When the two types of apostrophes were converted to the dots and dashes used in Morse code, they spelled out the words “Red Handed.”
In a written statement, Google said the lyrics on its site, which pop up in little search-result squares called “information panels,” are licensed from partners, not created by Google.
“We take data quality and creator rights very seriously and hold our licensing partners accountable to the terms of our agreement,” Google said.
...is lifting content from its site
It's more than that, imho, because it's highlighting potential scrapers which become content sources.
Same type of issue as with Getty right?
joined:Nov 11, 2000
...Where the lyrics text comes fromAnd, in reaction to Genius's complaints....
Here’s something you might not know: music publishers often don’t have digital copies of the lyrics text. In these cases, we -- like music streaming services and other companies -- license the lyrics text from third parties.
We do not crawl or scrape websites to source these lyrics. The lyrics that you see in information boxes on Search come directly from lyrics content providers, and they are updated automatically as we receive new lyrics and corrections on a regular basis....
...To help make it clearer where the lyrics come from, we’ll soon include attribution to the third party providing the digital lyrics text. We will continue to take an approach that respects and compensates rights-holders, and ensures that music publishers and songwriters are paid for their work.
Recently, a Wall Street Journal reporter proceeded with an article accusing Google of scraping lyrics from Genius and placing them in Google’s search results, despite clear responses from both LyricFind and Google that this was not the case. To address the inaccuracies in the initial article and the reporting that followed, we would like to correct the record in this matter.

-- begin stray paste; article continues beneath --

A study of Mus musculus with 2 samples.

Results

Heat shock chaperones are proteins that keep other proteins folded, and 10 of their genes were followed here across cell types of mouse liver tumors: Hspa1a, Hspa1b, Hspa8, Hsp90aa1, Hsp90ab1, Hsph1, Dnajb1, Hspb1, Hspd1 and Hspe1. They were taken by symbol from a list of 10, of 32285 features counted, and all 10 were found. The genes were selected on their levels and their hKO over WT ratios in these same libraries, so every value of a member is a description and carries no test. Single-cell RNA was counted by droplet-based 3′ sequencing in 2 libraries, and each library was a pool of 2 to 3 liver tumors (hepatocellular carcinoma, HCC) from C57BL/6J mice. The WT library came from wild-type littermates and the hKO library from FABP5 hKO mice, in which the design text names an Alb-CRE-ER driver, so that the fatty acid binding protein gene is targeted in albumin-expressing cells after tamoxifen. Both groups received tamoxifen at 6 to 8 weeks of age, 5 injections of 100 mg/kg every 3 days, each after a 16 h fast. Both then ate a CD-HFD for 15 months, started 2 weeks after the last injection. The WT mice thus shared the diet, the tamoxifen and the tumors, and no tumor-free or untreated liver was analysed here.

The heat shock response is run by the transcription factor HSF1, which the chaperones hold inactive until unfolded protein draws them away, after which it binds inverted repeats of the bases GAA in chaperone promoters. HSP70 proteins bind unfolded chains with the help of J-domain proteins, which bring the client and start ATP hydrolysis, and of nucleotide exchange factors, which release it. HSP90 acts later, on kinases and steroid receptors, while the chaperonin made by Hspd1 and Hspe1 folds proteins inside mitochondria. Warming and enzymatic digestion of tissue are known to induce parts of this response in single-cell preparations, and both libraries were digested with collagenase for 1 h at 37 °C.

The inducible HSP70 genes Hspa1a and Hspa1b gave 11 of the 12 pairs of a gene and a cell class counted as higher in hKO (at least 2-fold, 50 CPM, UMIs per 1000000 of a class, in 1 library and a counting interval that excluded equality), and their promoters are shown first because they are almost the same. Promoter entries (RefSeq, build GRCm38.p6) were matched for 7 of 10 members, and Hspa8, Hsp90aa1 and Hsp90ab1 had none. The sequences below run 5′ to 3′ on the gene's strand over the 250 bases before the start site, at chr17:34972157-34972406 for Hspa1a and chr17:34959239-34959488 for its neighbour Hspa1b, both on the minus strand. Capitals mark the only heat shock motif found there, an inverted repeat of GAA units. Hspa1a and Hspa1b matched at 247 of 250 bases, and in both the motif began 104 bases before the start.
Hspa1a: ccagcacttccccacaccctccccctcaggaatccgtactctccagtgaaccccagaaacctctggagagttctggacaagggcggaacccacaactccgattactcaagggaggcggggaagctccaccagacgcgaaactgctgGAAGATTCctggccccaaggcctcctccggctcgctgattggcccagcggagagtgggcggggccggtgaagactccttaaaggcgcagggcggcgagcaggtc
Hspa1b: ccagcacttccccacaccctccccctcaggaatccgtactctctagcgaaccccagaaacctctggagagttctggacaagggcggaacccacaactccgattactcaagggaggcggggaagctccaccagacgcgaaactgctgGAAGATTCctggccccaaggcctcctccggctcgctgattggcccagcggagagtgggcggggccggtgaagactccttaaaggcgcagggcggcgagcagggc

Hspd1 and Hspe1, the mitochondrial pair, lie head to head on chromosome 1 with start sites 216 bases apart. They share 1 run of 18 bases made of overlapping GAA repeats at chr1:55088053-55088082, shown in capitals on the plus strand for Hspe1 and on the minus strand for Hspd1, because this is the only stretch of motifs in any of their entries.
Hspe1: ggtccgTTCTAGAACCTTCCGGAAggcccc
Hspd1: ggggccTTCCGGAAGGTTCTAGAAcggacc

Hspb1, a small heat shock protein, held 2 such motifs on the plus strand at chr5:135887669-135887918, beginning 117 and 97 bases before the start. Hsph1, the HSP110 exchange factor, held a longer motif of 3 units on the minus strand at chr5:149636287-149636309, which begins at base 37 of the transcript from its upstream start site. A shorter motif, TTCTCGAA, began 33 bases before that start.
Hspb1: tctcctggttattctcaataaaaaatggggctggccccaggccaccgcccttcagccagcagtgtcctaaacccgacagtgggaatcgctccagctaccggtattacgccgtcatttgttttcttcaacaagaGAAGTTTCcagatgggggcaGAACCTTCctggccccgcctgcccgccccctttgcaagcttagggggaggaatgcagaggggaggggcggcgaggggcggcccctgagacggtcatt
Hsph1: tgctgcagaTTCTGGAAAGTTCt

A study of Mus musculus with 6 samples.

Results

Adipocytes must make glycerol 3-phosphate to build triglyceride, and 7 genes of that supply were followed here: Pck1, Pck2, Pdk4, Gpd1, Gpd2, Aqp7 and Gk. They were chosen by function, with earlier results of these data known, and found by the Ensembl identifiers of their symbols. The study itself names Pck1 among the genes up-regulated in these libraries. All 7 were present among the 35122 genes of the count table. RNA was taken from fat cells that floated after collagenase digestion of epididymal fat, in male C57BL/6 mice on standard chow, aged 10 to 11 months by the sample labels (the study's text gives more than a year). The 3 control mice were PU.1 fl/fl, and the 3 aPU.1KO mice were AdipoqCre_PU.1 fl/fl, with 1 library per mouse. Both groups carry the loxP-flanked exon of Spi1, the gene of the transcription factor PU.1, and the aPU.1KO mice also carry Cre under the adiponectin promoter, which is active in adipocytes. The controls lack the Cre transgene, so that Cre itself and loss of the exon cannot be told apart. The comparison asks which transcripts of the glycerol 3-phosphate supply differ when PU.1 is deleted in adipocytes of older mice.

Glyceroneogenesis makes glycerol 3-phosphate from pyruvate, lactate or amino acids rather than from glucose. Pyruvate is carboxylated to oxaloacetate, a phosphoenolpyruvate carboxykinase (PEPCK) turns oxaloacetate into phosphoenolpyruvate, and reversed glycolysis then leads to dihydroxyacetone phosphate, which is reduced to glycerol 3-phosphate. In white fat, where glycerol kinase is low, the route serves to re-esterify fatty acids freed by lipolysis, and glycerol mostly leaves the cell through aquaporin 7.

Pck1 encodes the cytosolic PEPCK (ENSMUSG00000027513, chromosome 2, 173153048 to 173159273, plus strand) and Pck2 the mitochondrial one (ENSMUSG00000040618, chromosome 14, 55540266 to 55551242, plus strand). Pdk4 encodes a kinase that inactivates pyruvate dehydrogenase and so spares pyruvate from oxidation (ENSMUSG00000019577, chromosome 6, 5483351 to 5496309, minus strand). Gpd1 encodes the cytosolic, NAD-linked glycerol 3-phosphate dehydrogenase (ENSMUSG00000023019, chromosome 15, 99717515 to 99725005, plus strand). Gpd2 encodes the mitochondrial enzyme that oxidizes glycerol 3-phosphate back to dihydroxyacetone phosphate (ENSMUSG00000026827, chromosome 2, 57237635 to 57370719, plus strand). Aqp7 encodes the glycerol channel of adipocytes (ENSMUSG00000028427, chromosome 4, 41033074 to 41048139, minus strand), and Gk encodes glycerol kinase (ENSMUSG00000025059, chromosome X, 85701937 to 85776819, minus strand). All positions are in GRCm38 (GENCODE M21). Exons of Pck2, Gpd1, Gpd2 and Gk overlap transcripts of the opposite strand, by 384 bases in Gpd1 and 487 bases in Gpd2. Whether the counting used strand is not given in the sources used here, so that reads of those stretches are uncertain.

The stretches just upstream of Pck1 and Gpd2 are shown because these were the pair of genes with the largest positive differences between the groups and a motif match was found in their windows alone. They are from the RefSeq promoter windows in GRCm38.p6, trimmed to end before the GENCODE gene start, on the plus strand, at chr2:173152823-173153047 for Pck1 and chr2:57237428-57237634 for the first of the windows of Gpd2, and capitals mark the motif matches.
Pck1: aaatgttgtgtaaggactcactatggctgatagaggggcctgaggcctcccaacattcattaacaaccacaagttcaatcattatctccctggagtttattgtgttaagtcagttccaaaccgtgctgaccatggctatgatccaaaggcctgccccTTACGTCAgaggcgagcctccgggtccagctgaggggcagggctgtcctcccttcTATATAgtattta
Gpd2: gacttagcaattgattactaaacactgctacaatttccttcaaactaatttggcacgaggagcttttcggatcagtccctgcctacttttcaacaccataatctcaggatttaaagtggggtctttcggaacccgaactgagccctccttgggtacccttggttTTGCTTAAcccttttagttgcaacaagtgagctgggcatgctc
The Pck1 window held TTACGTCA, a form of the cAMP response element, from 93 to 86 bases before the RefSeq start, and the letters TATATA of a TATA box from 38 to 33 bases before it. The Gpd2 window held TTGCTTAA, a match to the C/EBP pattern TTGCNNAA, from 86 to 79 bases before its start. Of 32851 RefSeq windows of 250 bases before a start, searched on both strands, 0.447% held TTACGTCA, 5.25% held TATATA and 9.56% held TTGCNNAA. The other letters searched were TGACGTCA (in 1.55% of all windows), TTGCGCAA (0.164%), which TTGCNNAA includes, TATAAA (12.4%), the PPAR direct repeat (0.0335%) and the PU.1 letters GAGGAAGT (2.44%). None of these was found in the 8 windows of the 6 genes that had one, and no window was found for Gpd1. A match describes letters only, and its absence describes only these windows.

The lyrics in question were provided to Google by LyricFind, as was confirmed to WSJ prior to publication. Google licenses lyrics content from music publishers (the rightful owner of the lyrics) and from LyricFind. To accuse them of any wrongdoing is extremely misleading.
LyricFind invests heavily in a global content team to build its database. That content team will often start their process with a copy of the lyric from numerous sources (including direct from artists, publishers, and songwriters), and then proceed to stream, correct, and synchronize that data. Most content our team starts with requires significant corrections before it goes live in our database...
It should be reiterated that Genius themselves have no ownership of the lyric rights - music publishers and songwriters do. Genius sources lyrics from user submissions, and those users may not be transcribing from scratch. LyricFind has a fifteen-year history of proper licensing and payments to rightsholders, and we’re extremely proud of our role in creating this valuable revenue stream for songwriters. We’ll continue that mission.
Brian White, called out Google's ranking team for crediting the wrong band for the song Behind Blue Eyes.
I don't think the third party is responsible, rather the ranking team who chose the Limp Bizkit version as canonical performance for that query (see [behind blue eyes lyrics who]).